TV is bad. We all know, deep down, it’s not good for us. It leads us to inactivity, away from creativity and the adverts make us feel like we want more. If you don’t believe me, watch this TED talk from 2:10. I’ve recently been sucked back in to watching television and allowing myself a brief period of lapsed ‘good habits’. Unexpectedly, it was a TV show that brought me back to LLB and reminded me why I write regularly.
I started watching, “How to Be a Billionaire,” to find out what Channel 4′s stance is on ‘rich people’. I half-expected it to be a shallow, critical look at the world’s wealthiest individuals by splicing tabloid-esque images together of sports cars, private jets and an entourage of no fewer than 25. I was looking for trashy television to ease me into the evening and relish in judging those who live extravagantly. What happened next surprised me…
Mission, Vision and Values
The documentary follows three self-made billionaires. We learn a bit about their net worth and how they became a billionaire, but then we dig right into how they spend their time now. We get brief glimpses of their nice cars and homes, but soon we see them on their daily exploits and it soon becomes clear that they’re all similar. So, what were the things I learn about being a billionaire that had an impact on me?
Mission: With their new found time and money they were no longer worried about buying all the latest gadgets. Instead, they faced an existential question, “What am I going to spend my time doing that will make me happy?” Having already made the big bucks (all three quite unintentionally), each craved a new mission.
Vision: They created a vision. Not just any vision, but a the most detailed and ambitious vision possible. When asked about his vision to create holidays to the Moon, “Things that used to be science fiction are becoming science reality”
Values: They value their time and resources. They also respect their rituals for success.
Many of you will recognise these as the same three elements that drive any organization and in some ways billionaires are no different from any business entity, so it makes sense that they embody all three and have been successful.
Goals and Vision
I’ve never had difficulty working towards a goal and using this as my motivation. When the motivation to achieve a goalwanes, what can you do to get back on to your track for success? Reflect on your vision. I hadn’t realised it until now, but what I’ve lacked is a vision. The vision doesn’t need to be completely clear (although the clearer the vision the less likely you are to falter when pushing yourself), but you need to know you have a vision. Most importantly, it should be a vision that really is your own and not the same as some billionaire because you want ‘lots of money’. If you want lots of money, then your vision should be around what having lots of money will do for you. However you choose to present that vision (visionboard, blogging it, writing it down on a business-card sized piece of paper and keeping it in your wallet) know what it is before your start working towards your goals.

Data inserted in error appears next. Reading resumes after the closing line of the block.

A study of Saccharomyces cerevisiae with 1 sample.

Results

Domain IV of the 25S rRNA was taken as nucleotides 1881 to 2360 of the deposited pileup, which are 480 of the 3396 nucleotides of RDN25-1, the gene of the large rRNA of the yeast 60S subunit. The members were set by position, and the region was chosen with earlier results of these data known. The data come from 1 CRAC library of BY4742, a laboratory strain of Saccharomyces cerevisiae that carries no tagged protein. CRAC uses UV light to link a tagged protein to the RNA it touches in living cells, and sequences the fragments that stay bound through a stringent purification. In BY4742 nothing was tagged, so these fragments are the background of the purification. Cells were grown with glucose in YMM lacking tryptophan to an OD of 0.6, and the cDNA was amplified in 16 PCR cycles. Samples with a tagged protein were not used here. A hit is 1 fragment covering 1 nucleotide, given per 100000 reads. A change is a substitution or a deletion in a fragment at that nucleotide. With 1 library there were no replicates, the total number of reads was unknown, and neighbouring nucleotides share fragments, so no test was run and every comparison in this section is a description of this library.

Chris often discusses character. One element of having character is demonstrating discipline. Not one of these billionaires needs to work another day getting up at 5 am. They could easily wake up at 11 am and spend the whole day buying expensive cars, going on lavish holidays and partying to their hearts content. The next day they’d wake up with a similar amount of money and would have the freedom to do it all again (depending on how much they spend, but many of these billionaires could live lavishly on just the interest generated by their wealth). In pursuit of their creating their vision, their discipline is unwavering. One of the billionaires, Naveen Jain, shares his daily ritual of waking up at 4.30 am, checking a few e-mails, working out, eating breakfast, meditating and praying. Talking about his routine, Naveen shares with the camera, “Business is like a war. You have to be completely prepared. Unless you have mind, body and soul all ready for it, you just can’t fight that battle.”
Have you lost traction on your goals? Do you have a vision?